The eSafety Commissioner Pulled Its Among Us Listing That Linked To A Dodgy Website

Screenshot: Among Us

Last week, we reported on the eSafety Commissioner’s unusual age rating for the latest deceptive party hit, Among Us. The game was originally listed as an 18+ title by the government body, but that advisory has since been removed — and for good reason.

Things seemed a little bizarre late last week when I reported on the eSafety Commissioner’s public advisory, which is designed to help inform parents about apps they or their children might encounter.

It’s a good idea in principle, but a bit of information had been lost in translation. For one, why was Among Us an 18+ game when Apple and Google were listing it for 9 and 10-year-olds?

After reporting on the listing, the eSafety Commissioner got in touch with me and explained that the 18+ rating wasn’t their suggestion but one that came from the official terms of service. That page, which was also linked to on the eSafety Commissioner’s original listing, notes the following:

You must be at least 18 years of age in order to enter into this EULA for the licensing of the Site and Software. As a condition of your using our Site and Software, you represent that you are at least 18 years old.

OK, fair enough.

There’s just one small problem. At the very bottom of the website, buried underneath a large “DOWNLOAD NOW” and pop-up notifications for how many users have just downloaded Among Us, is the following line:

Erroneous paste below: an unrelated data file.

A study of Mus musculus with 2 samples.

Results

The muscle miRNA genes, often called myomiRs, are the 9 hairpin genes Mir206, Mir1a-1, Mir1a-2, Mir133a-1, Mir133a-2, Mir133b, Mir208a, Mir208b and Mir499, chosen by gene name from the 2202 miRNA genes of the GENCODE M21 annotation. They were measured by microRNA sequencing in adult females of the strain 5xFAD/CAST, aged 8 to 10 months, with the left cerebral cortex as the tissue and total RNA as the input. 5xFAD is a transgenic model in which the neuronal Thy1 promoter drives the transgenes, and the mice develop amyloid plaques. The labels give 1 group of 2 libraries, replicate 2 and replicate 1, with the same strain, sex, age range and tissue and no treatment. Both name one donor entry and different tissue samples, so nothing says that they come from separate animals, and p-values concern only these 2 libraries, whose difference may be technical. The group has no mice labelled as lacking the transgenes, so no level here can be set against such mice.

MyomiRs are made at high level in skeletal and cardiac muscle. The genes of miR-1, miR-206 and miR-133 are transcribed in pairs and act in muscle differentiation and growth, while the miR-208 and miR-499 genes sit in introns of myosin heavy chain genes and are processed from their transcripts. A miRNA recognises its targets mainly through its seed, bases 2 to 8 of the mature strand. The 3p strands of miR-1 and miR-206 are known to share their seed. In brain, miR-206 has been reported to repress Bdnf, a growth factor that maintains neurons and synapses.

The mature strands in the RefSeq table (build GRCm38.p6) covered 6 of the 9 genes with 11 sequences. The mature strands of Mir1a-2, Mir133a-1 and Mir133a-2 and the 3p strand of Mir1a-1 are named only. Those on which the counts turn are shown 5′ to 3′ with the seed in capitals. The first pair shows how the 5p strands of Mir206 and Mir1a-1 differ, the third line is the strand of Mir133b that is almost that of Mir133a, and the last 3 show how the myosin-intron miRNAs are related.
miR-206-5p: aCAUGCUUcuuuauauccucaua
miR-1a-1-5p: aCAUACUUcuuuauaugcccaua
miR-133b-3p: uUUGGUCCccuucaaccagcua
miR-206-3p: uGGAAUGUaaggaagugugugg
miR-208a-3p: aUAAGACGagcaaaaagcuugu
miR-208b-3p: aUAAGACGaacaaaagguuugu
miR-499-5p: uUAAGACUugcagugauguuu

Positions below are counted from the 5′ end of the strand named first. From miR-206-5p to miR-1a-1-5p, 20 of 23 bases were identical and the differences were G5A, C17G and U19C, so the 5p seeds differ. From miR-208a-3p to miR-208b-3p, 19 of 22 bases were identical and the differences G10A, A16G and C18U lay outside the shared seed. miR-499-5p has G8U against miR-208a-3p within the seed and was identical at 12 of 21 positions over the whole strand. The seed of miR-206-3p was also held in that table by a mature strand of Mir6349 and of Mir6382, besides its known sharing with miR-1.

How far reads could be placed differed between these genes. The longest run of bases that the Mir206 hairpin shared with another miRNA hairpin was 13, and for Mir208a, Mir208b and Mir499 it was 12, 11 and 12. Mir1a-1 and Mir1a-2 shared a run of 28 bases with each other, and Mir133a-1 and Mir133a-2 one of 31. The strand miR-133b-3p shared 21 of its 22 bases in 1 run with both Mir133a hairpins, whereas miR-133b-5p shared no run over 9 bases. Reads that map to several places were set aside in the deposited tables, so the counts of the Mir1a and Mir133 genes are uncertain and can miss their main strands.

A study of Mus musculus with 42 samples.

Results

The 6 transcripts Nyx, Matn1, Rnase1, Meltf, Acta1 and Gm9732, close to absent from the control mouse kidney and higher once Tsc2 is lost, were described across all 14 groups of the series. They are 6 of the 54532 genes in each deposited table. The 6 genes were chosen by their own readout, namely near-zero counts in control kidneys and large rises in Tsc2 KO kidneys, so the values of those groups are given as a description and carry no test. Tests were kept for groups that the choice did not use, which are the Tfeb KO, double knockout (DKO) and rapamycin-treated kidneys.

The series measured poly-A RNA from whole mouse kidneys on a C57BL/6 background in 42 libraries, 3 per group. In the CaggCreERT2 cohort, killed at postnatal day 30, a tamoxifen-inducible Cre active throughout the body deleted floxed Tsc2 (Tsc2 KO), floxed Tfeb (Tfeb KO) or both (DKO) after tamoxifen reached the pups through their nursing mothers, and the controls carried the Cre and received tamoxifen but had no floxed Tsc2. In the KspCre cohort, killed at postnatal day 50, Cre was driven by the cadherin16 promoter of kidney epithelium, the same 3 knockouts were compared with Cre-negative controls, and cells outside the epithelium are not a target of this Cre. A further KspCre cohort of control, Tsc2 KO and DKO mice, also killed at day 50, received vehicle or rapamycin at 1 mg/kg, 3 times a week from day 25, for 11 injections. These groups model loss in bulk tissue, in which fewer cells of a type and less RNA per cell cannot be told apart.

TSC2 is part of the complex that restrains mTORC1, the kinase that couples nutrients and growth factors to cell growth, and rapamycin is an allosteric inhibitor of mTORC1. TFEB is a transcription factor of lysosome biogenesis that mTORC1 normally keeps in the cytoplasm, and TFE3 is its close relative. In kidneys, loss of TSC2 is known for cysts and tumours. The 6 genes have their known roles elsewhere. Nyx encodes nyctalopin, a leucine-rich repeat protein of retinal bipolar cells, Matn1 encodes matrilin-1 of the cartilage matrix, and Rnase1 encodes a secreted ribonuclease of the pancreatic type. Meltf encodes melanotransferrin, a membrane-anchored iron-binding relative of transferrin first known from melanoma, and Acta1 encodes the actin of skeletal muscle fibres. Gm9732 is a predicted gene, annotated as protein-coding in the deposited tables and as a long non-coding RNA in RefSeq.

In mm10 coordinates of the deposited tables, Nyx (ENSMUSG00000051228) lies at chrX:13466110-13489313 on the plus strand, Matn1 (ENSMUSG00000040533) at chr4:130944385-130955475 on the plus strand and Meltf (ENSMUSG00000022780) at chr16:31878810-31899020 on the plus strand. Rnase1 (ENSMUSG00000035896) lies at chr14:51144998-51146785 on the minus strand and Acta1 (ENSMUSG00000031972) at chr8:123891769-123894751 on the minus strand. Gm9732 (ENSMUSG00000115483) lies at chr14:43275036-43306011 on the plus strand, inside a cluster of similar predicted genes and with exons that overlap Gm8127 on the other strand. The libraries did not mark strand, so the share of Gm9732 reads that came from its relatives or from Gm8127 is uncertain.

Among Us is a Among Us unofficial fansite to the game Among Us for PC. All credits belong to the respective developers.

Oh … oh no.

Rather than linking to the developer’s actual Among Us page, the official listing on itch.io, or the game’s link on an approved platform like Steam, the eSafety Commissioner linked out to a site run by a platform called Games.lol. (You can see this linked in the original eSafety Commissioner post via Google Cache.)

The proper links for the Android and iOS stores were included — or at least the American iOS link — but the official “Website” link went not to the actual official page, but a site advertising free downloads for PC, Mac and Android:

The website constantly fires off a string of pop-up notifications to chat with “Games.lol” over Facebook Messenger, and the official Facebook page link goes to a dead site called “UnblockedGamesLoL”.

When the eSafety Commissioner got in touch with me last week, I asked a representative why the department was sending parents to a website hosting a potentially compromised version of a game instead of linking to the official developer webpage, or authorised storefronts like Steam or itch.io. I also pointed out that the terms of service was for a company unrelated to InnerSloth, a company that has no official relationship with the developers.

The eSafety Commissioner didn’t reply to my questions, but they did say they would update their website. At the time of writing, there’s no update besides the Among Us page being down.

You have to wonder, though. How many parents ended up downloading files from a dodgy fansite instead of paying for Among Us on PC?

Comments

  • “How many parents ended up downloading files from a dodgy fansite instead of paying for Among Us on PC?”

    I’m willing to take a stab at that one… none.

    The odds that any Australian parent browsing the website of the eSafety Comissioner will download a game listed as suitable only for those 18+ are, I would wager, about the same as me voting for Donald Trump tomorrow.